Last week I was invited to the Future of Storytelling conference, a one-day summit focused on storytelling in the ever-changing face of technology. Oddly enough, to learn about the future of storytelling, I had to take a step back in time.
When I was told the conference would take place on Staten Island, only accessible by ferry, I was a bit hesitant. “Maybe this is just a really elaborate way to fire me,” I told a coworker. Regardless, I showed up at the docks bright and early and awaited my somewhat precarious fate.
Arriving in historic Snug Harbor, the group of Warby Parker-wearing, iPad-toting digital folks stood in stark contrast to the venue itself, originally an oasis created for “aged, decrepit and worn-out” retired sailors of the 1800s.
Filing into the grand auditorium, we took our seats and aptly began the day with a story. Raconteurs from The Moth, a non-profit organization dedicated to the art of storytelling, took the stage to tell fairytale-inspired vignettes. During these stories, a rare thing happened. I completely lost the urge to look at my phone, or check my emails. I was completely enthralled with the story of a flight attendant’s mission to be kind to those around her despite their ugly nature, and the story of Mother Theresa’s doctor who faced a bout in international diplomacy in his quest to save her life from an infectious disease.
After the story presentation, we moved on to roundtable discussions led by notable writers, authors, storytellers and experience makers. This time, instead of choosing to stay away from our phones and computers, we were asked to put them away, introduce ourselves and engage with each other in discussion.
Dr. David Weinberger from the Harvard Berkman Center for Internet and Society led one of the roundtable discussions that really stood out. He began the session with a video explaining how information has changed over the course of time. Pre-Internet information was linear and mostly static. In the digital age, information is defined by differences. For example, to really know what an apple is, you have to figure out what its opposite (an orange) is. Today, information and understanding are defined by the holistic view of dissenting opinions, facilitated by links online. The Internet itself is a limitless abyss of knowledge and understanding. Of course, people curate this information, often blurring the lines between cold, hard “facts” and subjective opinion disguised as “facts,” which can only be battled by a discerning eye.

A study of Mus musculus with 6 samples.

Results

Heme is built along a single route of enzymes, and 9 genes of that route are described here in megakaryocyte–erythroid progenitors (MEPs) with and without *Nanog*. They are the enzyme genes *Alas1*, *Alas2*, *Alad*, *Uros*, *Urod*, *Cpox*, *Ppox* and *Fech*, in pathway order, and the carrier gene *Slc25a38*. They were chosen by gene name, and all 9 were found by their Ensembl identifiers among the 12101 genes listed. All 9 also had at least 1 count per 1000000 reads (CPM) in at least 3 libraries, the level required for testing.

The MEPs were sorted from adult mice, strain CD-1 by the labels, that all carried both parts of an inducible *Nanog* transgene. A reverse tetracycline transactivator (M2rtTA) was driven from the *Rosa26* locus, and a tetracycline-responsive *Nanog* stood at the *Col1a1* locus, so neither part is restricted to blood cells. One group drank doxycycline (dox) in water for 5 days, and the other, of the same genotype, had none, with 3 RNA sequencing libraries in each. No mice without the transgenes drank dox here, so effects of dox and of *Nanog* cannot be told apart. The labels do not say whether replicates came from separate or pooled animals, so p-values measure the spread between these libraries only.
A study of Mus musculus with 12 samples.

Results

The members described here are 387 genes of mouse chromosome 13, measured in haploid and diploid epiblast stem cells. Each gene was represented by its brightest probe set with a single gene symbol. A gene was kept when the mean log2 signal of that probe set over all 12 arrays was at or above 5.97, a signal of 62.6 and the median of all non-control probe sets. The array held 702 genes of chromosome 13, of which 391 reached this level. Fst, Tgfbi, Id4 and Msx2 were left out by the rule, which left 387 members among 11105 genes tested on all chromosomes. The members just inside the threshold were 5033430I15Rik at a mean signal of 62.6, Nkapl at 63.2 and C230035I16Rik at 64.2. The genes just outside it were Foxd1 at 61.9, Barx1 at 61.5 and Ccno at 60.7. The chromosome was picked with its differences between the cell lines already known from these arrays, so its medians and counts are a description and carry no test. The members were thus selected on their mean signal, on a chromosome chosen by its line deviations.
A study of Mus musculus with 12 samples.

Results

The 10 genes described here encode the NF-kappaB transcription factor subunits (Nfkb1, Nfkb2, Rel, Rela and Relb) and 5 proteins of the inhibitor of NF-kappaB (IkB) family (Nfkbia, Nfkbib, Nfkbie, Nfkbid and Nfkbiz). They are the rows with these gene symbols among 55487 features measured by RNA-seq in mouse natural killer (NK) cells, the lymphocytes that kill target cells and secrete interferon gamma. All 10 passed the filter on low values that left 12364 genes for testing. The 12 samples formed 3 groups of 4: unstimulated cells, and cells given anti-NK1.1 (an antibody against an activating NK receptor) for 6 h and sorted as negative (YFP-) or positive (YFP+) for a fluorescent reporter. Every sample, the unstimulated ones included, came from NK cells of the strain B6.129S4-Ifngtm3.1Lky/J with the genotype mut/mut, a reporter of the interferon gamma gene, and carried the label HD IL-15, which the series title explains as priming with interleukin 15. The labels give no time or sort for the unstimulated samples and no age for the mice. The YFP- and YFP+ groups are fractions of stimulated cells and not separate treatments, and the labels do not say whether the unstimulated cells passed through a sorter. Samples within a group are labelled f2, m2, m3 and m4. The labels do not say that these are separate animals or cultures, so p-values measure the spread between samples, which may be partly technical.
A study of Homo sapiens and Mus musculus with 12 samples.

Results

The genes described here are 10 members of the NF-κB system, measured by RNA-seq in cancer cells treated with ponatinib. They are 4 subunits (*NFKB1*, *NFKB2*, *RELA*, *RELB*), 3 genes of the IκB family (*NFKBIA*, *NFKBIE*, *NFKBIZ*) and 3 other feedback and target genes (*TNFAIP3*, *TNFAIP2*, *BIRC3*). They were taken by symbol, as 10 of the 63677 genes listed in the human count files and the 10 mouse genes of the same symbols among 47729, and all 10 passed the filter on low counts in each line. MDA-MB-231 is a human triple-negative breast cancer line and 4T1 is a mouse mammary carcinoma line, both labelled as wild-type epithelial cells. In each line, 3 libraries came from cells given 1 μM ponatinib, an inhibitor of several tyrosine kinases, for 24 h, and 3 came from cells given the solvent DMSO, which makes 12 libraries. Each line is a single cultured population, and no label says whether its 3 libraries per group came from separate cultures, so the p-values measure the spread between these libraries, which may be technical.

What the day’s stories and discussions helped me remember was the function of storytelling: to entice an audience and to engage people. Although all the conversations were completely different—led by do-gooders, marketers, scientists, toy makers, designers, and even freaking Al Gore—their goals were the same: to entice and engage.
I thought about my own work as a digital content strategist and all the politics that go into making branded content and remembered one very simple thing: we need to make content that people want to engage with and actually read.
We have to apply the principles of storytelling and think strategically about the way that we present the information. The Moth storytellers took ancient fairytales and spun them into new tales of Jet Blue and modern day medicine, adhering to the principles that made these stories successful while catering to the audience sitting before them.
We can’t compromise the integrity of the story in order to conform to a brand’s typical messaging or to stay within its comfort zone. We need to go all-in and aim to create good, enticing content if we’re going to make this work.
We also need to think about how we present the stories online. As Dr. Weinberger pointed out, the Internet has changed everything when it comes to presenting stories and information. Our job is to play to the Internet’s strengths in order to present the story in the most engaging way for our target audience.
In the end, I made it off of Staten Island, and sailed back to the island of Manhattan feeling inspired to tell a tale another day.